I've been trying to understand the conceptual difference between a force-click and a secondary click (aka right click) on a Mac.
Conceptually, what is a force click supposed to do? Is there a coherent explanation from Apple (couldn't find one in the UX guidelines) about this question? In iOS, force touch seems to most commonly be used to show contextual actions. If that same meaning percolates down to OS X, how will a Mac user know which contextual actions will be available via force-click vs. secondary click?
I'm not criticizing the force-click hardware concept itself-- it's a nice, discoverable way to do something extra with a trackpad-- but I'm just confused about its intent on OS X which already seems to have a similar "do something extra with a trackpad (or a mouse)" in secondary click.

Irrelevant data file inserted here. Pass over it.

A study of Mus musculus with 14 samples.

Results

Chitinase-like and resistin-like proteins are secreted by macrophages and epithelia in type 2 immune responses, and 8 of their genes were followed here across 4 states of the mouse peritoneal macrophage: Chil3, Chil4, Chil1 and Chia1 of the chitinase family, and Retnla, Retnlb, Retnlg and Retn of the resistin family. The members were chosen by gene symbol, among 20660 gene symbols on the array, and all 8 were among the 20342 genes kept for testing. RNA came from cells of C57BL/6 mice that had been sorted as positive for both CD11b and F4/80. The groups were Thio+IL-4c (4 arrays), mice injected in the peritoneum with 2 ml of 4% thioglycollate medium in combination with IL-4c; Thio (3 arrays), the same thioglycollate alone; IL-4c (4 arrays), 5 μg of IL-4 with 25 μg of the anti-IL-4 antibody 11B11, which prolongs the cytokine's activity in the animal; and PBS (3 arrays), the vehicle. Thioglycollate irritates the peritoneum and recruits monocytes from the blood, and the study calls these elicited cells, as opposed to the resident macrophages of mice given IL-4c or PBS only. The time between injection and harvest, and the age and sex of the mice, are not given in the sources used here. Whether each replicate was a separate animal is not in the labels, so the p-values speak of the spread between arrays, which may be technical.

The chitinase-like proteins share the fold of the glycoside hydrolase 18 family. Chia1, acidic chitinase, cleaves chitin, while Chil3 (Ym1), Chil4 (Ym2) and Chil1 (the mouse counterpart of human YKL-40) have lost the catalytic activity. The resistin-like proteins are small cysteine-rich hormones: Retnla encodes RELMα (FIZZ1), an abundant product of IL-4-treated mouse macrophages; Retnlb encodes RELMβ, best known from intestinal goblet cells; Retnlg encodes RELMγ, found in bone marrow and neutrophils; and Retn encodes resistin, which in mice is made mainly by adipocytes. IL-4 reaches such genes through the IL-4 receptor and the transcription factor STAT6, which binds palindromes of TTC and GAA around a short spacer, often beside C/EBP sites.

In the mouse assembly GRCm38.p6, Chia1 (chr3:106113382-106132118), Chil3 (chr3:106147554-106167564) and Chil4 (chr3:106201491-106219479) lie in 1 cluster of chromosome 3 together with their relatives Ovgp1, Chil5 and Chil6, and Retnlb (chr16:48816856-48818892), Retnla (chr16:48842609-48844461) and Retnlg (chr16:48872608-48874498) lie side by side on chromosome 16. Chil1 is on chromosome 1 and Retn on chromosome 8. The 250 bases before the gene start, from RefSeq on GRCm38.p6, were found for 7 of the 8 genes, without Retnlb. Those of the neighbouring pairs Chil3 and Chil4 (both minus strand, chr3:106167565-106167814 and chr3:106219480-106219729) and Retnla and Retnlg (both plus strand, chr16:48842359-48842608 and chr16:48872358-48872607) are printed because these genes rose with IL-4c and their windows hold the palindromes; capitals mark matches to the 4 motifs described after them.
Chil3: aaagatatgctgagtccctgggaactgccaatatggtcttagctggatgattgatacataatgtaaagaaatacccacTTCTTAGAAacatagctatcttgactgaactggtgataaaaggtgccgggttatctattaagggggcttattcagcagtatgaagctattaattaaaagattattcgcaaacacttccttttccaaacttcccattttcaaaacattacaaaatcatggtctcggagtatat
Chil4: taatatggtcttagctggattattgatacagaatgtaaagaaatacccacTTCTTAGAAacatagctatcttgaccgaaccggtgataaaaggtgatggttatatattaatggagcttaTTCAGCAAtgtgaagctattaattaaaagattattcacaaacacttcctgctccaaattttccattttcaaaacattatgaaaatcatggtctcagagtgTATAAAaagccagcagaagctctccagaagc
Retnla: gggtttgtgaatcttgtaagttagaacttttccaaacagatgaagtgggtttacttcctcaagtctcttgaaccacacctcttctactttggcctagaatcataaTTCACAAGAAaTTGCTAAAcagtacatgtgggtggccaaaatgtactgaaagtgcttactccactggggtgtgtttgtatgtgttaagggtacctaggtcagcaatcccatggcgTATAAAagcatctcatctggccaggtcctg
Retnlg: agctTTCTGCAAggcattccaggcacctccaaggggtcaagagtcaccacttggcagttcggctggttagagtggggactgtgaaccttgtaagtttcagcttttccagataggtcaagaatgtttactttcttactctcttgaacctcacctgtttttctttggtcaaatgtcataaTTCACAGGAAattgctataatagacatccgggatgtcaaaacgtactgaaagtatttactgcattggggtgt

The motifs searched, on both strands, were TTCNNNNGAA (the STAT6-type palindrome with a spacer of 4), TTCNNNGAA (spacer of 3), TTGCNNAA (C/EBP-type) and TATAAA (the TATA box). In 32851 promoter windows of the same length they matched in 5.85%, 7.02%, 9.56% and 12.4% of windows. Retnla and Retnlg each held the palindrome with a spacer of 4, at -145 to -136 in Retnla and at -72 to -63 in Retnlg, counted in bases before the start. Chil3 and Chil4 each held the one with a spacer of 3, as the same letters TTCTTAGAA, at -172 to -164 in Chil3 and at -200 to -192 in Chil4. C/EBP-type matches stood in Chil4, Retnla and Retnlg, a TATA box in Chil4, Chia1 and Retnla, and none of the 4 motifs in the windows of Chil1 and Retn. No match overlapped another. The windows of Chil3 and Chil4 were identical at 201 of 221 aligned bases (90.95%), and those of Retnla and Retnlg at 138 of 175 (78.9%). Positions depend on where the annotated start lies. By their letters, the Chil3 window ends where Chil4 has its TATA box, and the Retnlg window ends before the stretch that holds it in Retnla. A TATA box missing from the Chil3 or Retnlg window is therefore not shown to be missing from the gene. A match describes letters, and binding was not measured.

Here's an excerpt from one explanation.
It feels sort of like Apple decided right-clicking and the contents of the contextual menus it produces are too geeky, so they created a whole alternate universe of more mainstream-friendly secondary click behaviors, invoked in a new way, but left right-clicking and the behaviors that invokes in place for the nerds. I guess I see the reasoning. Still, it's rather odd that Apple, the company that for a couple of decades only believed in one sort of clicking, now supports three.
Good points. Why did Apple choose the extra complexity of a completely new kind of click instead of making secondary click more discoverable with force click hardware and adding UX guidelines for secondary click doing more than a "geeky" plain menu?
I assume there are good UX reasons explained somewhere. Anyone know what they are?